FLATFORMS: The Safer Chopine

I love flirting with dangerous fashion!

They’re flats. They’re platforms. They’re flatforms and I just about died of giddiness when I found them! Everywhere I look for shoes, I find GIANT heels with platforms. Lovely as they are to look at, I can’t wear that type of shoe for very long comfortably (i.e. more than 5 minutes), but I enjoy the boost they give me. I have very flat, wide feet, so I live in ballet flats and “foot sacks:” leather tennis shoes without arch support and hardly a sole to their credit. Neither of these do much to improve my height. That is why when I found these, I almost knocked my chai tea off the desk:

This is Gee WaWa Women’s Daphne Two-Piece Flatform in Olive Suede. It’s plain, simple and fairly neutral. It doesn’t scream excitement or wild new trend, but it’s not just a new shoe trend, it’s a remake of this shoe trend:

In the 1970s, platforms were ridiculously huge, both in size and popularity. With platforms reaching heights even more lofty than today’s wedges and stilettos– upwards of 10 inches– of course everyone wondered: what could these wood and cork hooves be doing to my health?

Video: 1970s Platform Shoes

Having big chunks of dead weight on your feet may put you at a greater risk of a twisted ankle, but history is no stranger to dangerous fashions (like wasp waist corsets). Health risks all depend on how extreme you go. Just as the gentleman explains near the end of the 1970s platform shoe exposé, the severity of your platform depends not only on its height, but the heel to toe height difference. The platforms on modern flatforms vary in height, but my favorite green suede ones have a relatively small platform and almost no change in heel altitude, unlike most dress shoes. The physics of flatforms are much different than a heels, so you don’t walk like you are wearing heels. In fact you will walk like you are wearing:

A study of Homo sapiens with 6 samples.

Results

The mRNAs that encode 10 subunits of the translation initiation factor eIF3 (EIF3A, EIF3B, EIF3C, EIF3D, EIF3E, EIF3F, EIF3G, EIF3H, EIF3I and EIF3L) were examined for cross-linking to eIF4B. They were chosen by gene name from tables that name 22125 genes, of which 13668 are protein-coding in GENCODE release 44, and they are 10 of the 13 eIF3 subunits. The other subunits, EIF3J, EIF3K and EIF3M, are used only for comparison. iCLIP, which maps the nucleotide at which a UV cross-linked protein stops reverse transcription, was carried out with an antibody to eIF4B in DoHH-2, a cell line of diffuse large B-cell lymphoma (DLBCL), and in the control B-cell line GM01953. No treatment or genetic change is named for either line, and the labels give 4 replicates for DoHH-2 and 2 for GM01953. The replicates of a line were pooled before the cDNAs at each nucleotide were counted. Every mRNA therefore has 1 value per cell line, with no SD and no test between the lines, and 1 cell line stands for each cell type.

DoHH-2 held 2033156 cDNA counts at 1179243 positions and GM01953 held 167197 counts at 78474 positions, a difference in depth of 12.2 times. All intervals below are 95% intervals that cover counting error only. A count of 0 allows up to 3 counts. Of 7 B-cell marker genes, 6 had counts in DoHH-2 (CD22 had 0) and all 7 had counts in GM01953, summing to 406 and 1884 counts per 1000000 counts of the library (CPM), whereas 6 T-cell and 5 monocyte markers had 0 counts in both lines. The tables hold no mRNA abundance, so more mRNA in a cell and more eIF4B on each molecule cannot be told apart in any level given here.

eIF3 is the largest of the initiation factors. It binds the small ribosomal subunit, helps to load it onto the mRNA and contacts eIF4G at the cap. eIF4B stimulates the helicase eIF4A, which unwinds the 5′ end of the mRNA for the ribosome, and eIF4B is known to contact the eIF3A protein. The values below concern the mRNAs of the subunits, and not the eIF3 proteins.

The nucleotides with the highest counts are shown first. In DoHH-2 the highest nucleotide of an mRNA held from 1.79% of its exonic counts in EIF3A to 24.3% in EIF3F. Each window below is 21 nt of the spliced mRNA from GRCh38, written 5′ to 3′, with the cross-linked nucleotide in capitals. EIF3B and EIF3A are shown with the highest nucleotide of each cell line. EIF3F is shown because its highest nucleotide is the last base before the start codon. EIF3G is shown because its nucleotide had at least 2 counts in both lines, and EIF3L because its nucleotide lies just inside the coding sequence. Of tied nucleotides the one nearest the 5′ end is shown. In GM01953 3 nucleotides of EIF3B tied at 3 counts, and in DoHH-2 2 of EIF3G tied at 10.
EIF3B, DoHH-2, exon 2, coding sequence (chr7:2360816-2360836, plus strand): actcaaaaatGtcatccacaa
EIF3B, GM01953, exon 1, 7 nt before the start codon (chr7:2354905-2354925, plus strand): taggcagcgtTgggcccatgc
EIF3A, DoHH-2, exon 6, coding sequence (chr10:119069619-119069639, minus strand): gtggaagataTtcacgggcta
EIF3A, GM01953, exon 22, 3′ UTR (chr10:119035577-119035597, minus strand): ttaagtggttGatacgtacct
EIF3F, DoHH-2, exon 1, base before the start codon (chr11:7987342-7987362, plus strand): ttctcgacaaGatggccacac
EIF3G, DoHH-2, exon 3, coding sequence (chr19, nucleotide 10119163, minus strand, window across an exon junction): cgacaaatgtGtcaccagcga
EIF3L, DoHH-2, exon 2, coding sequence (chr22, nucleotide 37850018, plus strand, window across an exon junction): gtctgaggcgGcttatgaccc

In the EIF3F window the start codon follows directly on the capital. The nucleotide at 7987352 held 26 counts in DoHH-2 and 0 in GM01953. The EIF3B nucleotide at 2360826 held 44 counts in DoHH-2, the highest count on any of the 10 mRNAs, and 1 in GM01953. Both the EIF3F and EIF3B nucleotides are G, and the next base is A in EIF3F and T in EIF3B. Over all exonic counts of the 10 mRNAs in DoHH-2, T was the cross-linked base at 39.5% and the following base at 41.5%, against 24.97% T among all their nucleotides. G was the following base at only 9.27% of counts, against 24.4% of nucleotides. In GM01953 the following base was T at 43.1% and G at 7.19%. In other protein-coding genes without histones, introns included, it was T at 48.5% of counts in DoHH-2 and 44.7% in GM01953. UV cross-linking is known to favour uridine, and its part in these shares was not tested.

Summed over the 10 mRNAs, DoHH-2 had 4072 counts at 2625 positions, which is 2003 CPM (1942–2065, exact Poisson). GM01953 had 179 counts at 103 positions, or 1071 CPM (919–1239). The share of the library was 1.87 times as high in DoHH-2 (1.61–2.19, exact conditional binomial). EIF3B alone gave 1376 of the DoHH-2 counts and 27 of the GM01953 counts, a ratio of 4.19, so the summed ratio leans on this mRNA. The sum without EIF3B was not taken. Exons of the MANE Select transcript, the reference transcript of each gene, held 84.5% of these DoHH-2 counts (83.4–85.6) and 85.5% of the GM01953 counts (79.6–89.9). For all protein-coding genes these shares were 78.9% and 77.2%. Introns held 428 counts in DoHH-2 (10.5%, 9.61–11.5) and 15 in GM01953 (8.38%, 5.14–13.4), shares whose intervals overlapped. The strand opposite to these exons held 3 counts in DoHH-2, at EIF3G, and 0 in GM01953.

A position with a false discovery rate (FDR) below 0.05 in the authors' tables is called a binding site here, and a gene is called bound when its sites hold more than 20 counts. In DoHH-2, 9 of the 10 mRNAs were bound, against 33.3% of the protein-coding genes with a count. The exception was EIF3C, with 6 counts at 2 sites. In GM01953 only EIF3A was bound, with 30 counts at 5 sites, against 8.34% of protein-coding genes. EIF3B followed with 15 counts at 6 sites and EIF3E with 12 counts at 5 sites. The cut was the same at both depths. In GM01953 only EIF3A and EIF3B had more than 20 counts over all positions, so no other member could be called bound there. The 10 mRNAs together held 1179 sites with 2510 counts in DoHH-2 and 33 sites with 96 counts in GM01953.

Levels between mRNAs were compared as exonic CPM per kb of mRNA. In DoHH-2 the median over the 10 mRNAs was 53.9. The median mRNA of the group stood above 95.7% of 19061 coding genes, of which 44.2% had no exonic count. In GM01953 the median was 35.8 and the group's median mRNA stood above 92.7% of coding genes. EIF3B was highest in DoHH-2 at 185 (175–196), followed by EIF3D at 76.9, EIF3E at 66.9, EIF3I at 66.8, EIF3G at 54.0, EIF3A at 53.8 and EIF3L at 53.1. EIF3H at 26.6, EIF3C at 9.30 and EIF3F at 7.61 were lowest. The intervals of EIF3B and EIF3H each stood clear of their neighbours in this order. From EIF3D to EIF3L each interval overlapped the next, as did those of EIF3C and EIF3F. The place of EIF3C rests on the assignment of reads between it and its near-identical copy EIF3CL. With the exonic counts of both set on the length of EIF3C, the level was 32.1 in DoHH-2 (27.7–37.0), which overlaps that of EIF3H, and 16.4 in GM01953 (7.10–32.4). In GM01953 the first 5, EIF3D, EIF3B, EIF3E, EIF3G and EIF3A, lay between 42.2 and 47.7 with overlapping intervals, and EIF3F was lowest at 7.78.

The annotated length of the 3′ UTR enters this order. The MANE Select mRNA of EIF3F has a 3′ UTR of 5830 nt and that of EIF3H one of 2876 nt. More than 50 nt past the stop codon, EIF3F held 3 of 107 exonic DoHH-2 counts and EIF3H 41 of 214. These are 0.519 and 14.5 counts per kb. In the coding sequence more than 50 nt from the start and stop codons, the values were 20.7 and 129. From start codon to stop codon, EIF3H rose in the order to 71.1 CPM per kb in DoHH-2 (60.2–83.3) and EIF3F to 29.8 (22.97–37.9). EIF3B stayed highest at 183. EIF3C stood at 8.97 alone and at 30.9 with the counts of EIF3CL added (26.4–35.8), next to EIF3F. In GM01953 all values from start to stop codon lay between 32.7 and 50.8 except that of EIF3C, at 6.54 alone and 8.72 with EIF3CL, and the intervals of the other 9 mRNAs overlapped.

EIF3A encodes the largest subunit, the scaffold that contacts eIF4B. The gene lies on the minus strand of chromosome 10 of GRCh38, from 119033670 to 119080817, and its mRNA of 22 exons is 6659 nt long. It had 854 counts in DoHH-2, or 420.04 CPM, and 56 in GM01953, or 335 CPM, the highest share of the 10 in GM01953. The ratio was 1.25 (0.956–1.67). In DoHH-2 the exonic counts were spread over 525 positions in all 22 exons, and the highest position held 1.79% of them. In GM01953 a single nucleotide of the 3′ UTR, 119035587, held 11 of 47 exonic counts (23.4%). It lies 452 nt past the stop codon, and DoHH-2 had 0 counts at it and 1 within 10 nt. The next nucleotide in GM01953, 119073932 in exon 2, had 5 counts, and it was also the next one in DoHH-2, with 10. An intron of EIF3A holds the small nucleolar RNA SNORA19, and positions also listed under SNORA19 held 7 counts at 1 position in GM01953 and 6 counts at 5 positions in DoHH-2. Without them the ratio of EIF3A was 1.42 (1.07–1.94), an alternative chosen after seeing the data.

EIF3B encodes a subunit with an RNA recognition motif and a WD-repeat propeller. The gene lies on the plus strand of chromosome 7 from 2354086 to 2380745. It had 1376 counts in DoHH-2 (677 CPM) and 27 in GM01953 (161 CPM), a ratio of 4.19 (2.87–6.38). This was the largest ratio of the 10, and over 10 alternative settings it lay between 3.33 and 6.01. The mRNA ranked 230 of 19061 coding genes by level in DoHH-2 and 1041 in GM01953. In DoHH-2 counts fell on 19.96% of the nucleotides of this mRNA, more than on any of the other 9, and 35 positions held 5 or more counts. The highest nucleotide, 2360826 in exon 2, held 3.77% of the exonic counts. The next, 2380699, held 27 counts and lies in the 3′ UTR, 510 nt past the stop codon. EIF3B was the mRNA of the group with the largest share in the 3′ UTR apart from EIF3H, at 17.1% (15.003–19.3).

Chopines! Yes! Flatforms, especially those green suede ones, remind me of Renaissance chopines. While the Italian chopines usually have a fairly steep incline, you can see that it is not arched like a modern heel. Spanish chopines are usually flatter:

Here is a side shot so you can see the difference in silhouette. The Spanish chopine is on the left and the Italian on the right:

That’s why I am so excited for this new footwear trend! A flatform shoe would much more closely mimic the actual feel and gait of a low chopine; ergo, I might be able to find a pair suitable enough to wear to Renaissance faire! It’s like solving two puzzles in one shoe: how do I gain height without a heel and where on earth can I find chopines? Solved!

I believe this discovery was well worth nearly toppling my morning cup of tea, don’t you? :)

Update: I just remembered this amazing Venetian leather shoe in the collections at the MFA! It looks almost identical to many of the modern flatforms, minus the back heel strap!